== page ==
General surgery workloads and practice patterns in the united states, 2007 to 2009

A 10-year update from the American Board of Surgery

R. James Valentine, Andrew Jones, Thomas W. Biester, Thomas H. Cogbill, Karen R. Borman, Robert S. Rhodes

Research output: Contribution to journalArticle

66 Citations (Scopus)

Abstract

Objective: To assess changes in general surgery workloads and practice patterns in the past decade. Background: Nearly 80% of graduating general surgery residents pursue additional training in a surgical subspecialty. This has resulted in a shortage of general surgeons, especially in rural areas. The purpose of this study is to characterize the workloads and practice patterns of general surgeons versus certified surgical subspecialists and to compare these data with those from a previous decade. Methods: The surgical operative logs of 4968 individuals recertifying in surgery 2007 to 2009 were reviewed. Data from 3362 (68%) certified only in Surgery (GS) were compared with 1606 (32%) with additional American Board of Medical Specialties certificates (GS+). Data from GS surgeons were also compared with data from GS surgeons recertifying 1995 to 1997. Independent variables were compared using factorial ANOVA. Results: GS surgeons performed a mean of 533 ± 365 procedures annually. Women GS performed far more breast operations and fewer abdomen, alimentary tract and laparoscopic procedures compared to men GS (P < 0.001). GS surgeons recertifying at 10 years performed more abdominal, alimentary tract and laparoscopic procedures compared to those recertifying at 20 or 30 years (P < 0.001). Rural GS surgeons performed far more endoscopic procedures and fewer abdominal, alimentary tract, and laparoscopic procedures than urban counterparts (P < 0.001). The United States medical school graduates had similar workloads and distribution of operations to international medical graduates. Compared to 1995 to 1997, GS surgeons from 2007 to 2009 performed more procedures, especially endoscopic and laparoscopic. GS+ surgeons performed 15% to 33% of all general surgery procedures. Conclusions: GS practice patterns are heterogeneous; gender, age, and practice setting significantly affect operative caseloads. A substantial portion of general surgery procedures currently are performed by GS+ surgeons, whereas GS surgeons continue to perform considerable numbers of specialty operations. Reduced general surgery operative experience in GS+ residencies may negatively impact access to general surgical care. Similarly, narrowing GS residency operative experience may impair specialty operation access.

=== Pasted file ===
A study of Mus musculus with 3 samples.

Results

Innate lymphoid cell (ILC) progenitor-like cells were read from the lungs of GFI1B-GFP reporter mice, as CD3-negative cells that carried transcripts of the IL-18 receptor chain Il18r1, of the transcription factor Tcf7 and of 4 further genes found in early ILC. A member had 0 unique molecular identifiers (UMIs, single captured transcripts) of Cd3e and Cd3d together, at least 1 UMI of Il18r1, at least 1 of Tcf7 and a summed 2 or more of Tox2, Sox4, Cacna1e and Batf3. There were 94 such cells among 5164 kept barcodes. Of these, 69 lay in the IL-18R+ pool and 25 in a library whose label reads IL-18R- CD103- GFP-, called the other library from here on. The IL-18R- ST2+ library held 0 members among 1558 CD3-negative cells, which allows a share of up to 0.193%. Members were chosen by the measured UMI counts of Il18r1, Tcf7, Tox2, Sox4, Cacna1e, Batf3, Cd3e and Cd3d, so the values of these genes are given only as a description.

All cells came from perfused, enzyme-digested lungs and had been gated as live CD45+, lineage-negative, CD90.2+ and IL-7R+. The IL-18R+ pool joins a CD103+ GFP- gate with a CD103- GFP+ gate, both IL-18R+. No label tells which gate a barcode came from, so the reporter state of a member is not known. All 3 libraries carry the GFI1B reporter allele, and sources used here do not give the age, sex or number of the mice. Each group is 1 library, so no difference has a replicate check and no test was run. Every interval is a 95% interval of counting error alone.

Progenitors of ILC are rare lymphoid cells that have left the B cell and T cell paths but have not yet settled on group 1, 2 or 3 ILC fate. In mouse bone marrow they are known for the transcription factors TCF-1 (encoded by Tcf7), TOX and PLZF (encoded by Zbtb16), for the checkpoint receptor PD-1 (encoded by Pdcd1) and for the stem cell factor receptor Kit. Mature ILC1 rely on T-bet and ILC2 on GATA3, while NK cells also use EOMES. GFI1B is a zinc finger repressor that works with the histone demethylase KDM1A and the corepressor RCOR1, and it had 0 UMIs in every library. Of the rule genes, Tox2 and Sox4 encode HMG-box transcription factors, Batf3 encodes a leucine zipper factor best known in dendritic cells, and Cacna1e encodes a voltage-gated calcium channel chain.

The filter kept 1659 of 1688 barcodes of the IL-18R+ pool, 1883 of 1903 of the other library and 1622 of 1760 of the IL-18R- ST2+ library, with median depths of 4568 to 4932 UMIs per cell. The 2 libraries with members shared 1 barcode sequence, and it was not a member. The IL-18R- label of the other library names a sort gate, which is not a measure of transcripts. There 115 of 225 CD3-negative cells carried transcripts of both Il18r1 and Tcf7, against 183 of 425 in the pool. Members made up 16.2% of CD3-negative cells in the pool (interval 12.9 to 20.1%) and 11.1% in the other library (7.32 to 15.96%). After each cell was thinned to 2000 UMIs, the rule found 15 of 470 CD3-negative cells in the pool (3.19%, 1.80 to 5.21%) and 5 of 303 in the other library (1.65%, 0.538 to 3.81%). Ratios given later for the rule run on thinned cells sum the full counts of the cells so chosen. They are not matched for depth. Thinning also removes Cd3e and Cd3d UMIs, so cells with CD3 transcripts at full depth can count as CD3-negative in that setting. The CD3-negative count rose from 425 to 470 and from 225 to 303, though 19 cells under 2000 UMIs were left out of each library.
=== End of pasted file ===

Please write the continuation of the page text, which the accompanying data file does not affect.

Original languageEnglish (US)
Pages (from-to)520-526
Number of pages7
JournalAnnals of Surgery
Volume254
Issue number3
DOIs
StatePublished - Sep 2011

Workload
General Practice
Internship and Residency
Surgeons
Medical Schools
Abdomen
Analysis of Variance
Breast
Medicine

ASJC Scopus subject areas

  • Surgery


In: Annals of Surgery, Vol. 254, No. 3, 09.2011, p. 520-526.

Research output: Contribution to journalArticle

Valentine, R. James ; Jones, Andrew ; Biester, Thomas W. ; Cogbill, Thomas H. ; Borman, Karen R. ; Rhodes, Robert S. / General surgery workloads and practice patterns in the united states, 2007 to 2009 : A 10-year update from the American Board of Surgery. In: Annals of Surgery. 2011 ; Vol. 254, No. 3. pp. 520-526.